Most people enter substance abuse treatment to obtain a drug-free life. Most rehab programs are designed to build improved health and function. These goals are reached through counseling, medication management, comprehensive healthcare, and supportive staff and peers.
Opioid addictions are occasionally treated with medication. Drugs like suboxone and buprenorphine are occasionally used to help wean people off of more powerful opioids. In recent years, the U.S. Department of Health and Human Services made changes to buprenorphine prescribing policies that may help more individuals reach their goals.
Every treatment path is different. Everyone’s recovery goals and needs are unique. No two people want or need the same thing from recovery. This is why no two treatment plans will be identical. As the Surgeon General’s Report on Alcohol, Drugs, and Health shares:
“Ideally, services are not ‘one size fits all’ but are tailored to the unique needs of the individual. Treatment must be provided for an adequate length of time and should address the patient’s substance use as well as related health and social consequences that could contribute to the risk of relapse, including connecting the patient to social support, housing, employment, and other wrap-around services.”1
While patients and their loved ones are often ready to end any reliance on substances, their ultimate goal may be best reached by using a medication like buprenorphine. Patients should talk with their addiction treatment provider to determine the best plan to manage recovery and avoid relapse. This plan should be adjusted regularly to meet changing needs and personal circumstances.
How Buprenorphine May Help
Buprenorphine is one of several medications that may be part of an overall treatment plan. It is an opioid partial agonist. This means that buprenorphine use does come with risks of side effects and abuse. However, these risks are low when the drug is used as prescribed.
As the Substance Abuse and Mental Health Services Administration(SAMHSA) explains, “Like opioids, [buprenorphine] produces effects such as euphoria or respiratory depression. With buprenorphine, however, these effects are weaker than those of full drugs such as heroin and methadone.”2
Buprenorphine will only work to a certain extent. After a certain point, this medication will not provide any type of “high.” This “ceiling effect” lowers the risk of side effects, misuse, and dependency. In exchange for some possible side effects, buprenorphine can help reduce or eliminate other opioid use. It is not a total answer to addiction, but it may be a helpful weapon in the battle.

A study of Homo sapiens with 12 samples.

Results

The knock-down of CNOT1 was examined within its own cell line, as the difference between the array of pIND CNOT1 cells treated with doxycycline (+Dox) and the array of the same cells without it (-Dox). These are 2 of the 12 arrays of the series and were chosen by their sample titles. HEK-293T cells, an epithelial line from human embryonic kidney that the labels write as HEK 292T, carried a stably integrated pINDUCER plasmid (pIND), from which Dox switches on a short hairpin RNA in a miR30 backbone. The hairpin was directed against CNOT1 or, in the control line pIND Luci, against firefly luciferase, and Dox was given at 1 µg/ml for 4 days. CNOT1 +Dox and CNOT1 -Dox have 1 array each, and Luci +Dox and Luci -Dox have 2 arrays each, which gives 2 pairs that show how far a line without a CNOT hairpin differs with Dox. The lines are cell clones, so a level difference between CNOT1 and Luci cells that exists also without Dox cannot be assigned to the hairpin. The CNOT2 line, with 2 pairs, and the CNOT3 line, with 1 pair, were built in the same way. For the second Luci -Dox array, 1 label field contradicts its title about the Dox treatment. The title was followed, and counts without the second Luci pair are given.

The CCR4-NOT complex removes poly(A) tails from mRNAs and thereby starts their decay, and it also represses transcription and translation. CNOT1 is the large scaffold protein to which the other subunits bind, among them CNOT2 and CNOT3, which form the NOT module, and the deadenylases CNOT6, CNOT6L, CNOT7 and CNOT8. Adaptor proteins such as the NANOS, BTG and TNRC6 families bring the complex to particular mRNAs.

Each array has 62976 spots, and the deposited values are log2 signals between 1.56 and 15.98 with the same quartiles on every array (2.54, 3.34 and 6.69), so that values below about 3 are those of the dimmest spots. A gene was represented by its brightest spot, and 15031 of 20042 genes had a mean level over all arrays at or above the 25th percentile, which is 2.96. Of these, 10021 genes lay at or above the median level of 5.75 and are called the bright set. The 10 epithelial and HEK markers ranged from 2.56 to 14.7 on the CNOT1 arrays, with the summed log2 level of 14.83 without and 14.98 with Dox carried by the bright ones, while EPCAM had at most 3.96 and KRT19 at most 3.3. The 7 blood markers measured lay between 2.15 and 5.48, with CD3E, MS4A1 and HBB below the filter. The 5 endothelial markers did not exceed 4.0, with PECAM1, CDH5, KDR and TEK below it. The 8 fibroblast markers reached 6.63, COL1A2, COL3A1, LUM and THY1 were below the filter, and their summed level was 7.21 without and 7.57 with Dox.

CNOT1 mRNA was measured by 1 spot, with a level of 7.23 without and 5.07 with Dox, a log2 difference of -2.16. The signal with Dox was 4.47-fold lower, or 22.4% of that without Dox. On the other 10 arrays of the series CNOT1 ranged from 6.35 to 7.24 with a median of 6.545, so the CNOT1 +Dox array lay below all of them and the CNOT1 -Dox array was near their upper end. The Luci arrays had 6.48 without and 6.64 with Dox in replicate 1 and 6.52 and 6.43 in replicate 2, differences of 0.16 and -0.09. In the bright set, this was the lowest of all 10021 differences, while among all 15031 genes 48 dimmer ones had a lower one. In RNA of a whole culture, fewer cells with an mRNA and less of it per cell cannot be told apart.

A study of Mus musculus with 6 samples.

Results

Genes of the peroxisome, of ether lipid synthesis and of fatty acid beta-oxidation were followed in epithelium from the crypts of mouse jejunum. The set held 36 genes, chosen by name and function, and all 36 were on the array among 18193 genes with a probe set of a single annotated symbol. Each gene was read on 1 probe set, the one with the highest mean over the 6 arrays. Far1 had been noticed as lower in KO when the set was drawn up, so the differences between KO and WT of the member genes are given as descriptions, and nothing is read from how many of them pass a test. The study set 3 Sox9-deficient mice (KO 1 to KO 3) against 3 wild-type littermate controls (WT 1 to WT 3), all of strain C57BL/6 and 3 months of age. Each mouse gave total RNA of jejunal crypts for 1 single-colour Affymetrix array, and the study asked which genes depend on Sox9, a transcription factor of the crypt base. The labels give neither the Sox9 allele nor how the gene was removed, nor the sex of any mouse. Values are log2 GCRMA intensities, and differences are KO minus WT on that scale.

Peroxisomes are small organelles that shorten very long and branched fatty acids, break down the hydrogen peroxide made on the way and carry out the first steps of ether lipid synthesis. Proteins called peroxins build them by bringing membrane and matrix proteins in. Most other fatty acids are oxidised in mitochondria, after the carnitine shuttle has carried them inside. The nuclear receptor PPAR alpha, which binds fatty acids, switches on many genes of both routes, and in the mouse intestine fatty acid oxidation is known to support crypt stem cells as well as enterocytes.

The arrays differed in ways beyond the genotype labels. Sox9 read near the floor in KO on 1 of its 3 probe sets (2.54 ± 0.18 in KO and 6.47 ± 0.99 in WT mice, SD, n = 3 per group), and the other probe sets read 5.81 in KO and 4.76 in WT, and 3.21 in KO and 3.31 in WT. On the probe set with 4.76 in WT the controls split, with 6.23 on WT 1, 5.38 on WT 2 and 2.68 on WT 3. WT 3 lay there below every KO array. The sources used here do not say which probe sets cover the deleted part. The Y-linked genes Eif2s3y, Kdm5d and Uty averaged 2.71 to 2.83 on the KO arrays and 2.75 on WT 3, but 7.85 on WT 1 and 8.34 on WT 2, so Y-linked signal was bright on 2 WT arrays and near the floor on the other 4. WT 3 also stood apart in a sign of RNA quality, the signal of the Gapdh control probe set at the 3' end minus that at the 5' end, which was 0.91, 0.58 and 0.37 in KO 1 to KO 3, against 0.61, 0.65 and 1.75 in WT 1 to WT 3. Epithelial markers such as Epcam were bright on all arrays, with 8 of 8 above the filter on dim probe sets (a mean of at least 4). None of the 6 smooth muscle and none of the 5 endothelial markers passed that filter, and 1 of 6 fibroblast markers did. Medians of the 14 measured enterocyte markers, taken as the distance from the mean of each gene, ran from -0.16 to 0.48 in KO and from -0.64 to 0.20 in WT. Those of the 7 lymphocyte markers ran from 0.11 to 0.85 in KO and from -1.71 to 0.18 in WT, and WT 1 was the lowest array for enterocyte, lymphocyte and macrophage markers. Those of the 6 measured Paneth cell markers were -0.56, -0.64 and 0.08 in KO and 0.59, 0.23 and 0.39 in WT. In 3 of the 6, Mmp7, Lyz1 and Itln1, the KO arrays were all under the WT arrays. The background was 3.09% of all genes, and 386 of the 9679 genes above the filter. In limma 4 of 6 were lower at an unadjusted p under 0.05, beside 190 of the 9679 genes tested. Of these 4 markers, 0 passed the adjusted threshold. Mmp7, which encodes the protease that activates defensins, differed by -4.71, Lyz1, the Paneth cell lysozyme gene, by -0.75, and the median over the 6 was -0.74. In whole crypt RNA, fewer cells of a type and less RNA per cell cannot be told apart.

The Surgeon General’s Report on Alcohol, Drugs, and Health explains, “The available medications do not by themselves restore the addicted brain to health, but they can support an individual’s treatment process and recovery by preventing the substance from having pleasurable effects in the brain, by causing an unpleasant reaction when the substance is used, or by controlling symptoms of withdrawal and craving.” Buprenorphine can help individuals find and maintain freedom from addiction when used as part of an overall treatment program.
For many people, access to buprenorphine treatment is life saving. Buprenorphine made recovery reachable to some who otherwise would not have been able to get the treatment they need. Even recently, prescribing limitations still made comprehensive, appropriate treatment difficult for some to find.
The recent changes made by the U.S. Department of Health and Human Serviceshelp ensure individuals who need buprenorphine have access to it.3 Former laws only allowed physicians to prescribe buprenorphine. Nurse practitioners and physician assistants can now begin training to prescribe the drug.
More Access to Help
If you or someone you care about needs assistance with an opioid addiction, we can help. Skywood Recovery is a leading provider of addiction recovery and mental health services. Our confidential helpline can put you in touch with professionals who care.
1 Surgeon General’s Report on Alcohol, Drugs, and Health. Surgeongeneral.gov. 18 Nov 2016. Retrieved 14 Jul 2017.
2 Buprenorphine. Substance Abuse and Mental Health Services Administration. 31 May 2016. Retrieved 14 Jul 2017.
3 HHS takes additional steps to expand access to opioid treatment. U.S. Department of Health and Human Services. 16 Nov 2016. Retrieved 14 Jul 2017.